IS THERE A TREND OF EUROIZATION OF EU COUNTRIES STILL USING THEIR NATIONAL CURRENCIES? TRADE AND INVOICING
Once entering the European Union, the Czech Republic as well as at present six other countries which are not currently members of the EMU committed to accept common currency – the euro. For example, Sweden accessed in 1995, the Czech Republic in 2004 and these two countries are still using their national currencies. By coincidence, these two countries use for payments their crowns – Czech koruna, respectively Swedish kronor. What is more, in case of these two countries, a date of EMU accession has not been set yet. In fact, due to several major unfortunately rather negative, economic events that have taken place over the last decade (i.e. financial crisis, debt crisis), and due to several ongoing economic problems of the Eurozone (e.g. significant public debt burden for Greece or Italy; the budgetary problems of Italy and, to some extent, France; esponsibility for indebtedness of national economies, etc), the relevant EU institutions do not even put pressure on countries still using their national currencies in order to fulfil the commitment of euro adoption.
Jméno a příjmení autora:
Euro, currency union, foreign trade, invoicing, integration
DOI (& full text):
Seven of the eight EU countries not yet using the euro as their legal tender undertook to adopt the common currency in the future. However, the actual moment of adoption may influence, e.g. the…více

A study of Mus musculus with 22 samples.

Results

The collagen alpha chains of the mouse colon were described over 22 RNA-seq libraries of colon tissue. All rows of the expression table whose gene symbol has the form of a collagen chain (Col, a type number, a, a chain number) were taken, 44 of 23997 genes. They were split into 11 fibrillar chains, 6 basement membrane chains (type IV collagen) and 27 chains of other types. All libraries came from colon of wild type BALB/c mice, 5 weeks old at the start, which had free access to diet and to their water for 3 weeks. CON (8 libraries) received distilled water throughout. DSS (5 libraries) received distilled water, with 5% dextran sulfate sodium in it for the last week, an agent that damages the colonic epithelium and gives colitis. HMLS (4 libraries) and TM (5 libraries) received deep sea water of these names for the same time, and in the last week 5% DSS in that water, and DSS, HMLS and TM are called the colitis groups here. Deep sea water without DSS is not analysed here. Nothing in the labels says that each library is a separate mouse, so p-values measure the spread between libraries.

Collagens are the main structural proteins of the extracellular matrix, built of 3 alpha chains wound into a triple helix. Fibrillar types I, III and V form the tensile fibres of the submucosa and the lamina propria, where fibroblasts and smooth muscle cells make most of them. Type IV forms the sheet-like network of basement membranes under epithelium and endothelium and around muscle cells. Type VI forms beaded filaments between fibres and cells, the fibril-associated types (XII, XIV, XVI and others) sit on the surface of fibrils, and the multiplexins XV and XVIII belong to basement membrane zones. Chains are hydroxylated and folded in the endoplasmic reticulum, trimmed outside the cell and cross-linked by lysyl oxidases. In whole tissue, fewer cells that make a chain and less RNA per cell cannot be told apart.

Seven of the eight EU countries not yet using the euro as their legal tender undertook to adopt the common currency in the future. However, the actual moment of adoption may influence, e.g. the attitude of the population (households). Other needs for the use of the euro have a business sector that is managed considering current market conditions and opportunities. The prerequisite of this article is that within the non-EMU EU economies, due to the close ties to EMU members and the prospect of a future, albeit often uncertain, approach to the euro area, the gradual euroization of businesses takes place. Among other things, euroization should be reflected in foreign trade, namely in the currency of invoicing. Using the Eurostat data from 2010–2018 on import and export and the currency of non-EMU countries invoicing to third countries expressed in EUR, USD, national and other currencies, the links between invoicing currency, size of economies and exchange rate regime were sought. The aim was also to describe the actual trend of invoicing international trade to third countries outside the EU. According to the results of the analysis, it was found that the block of non-EMU countries rather euroizes and the importance of the national currency is rather declining. The level of growth of the share of the euro and the decline of the national currency has a different intensity for imports and different for exports. At the same time, it was found that in the case of imports in EUR and NC and exports in EUR, a possible relationship between the invoicing currency and the exchange rate regime can be identified. Last but not least, it was found that in the case of invoicing in EUR and NC (national currency), there is a relationship between the size of GDP and the invoicing currency.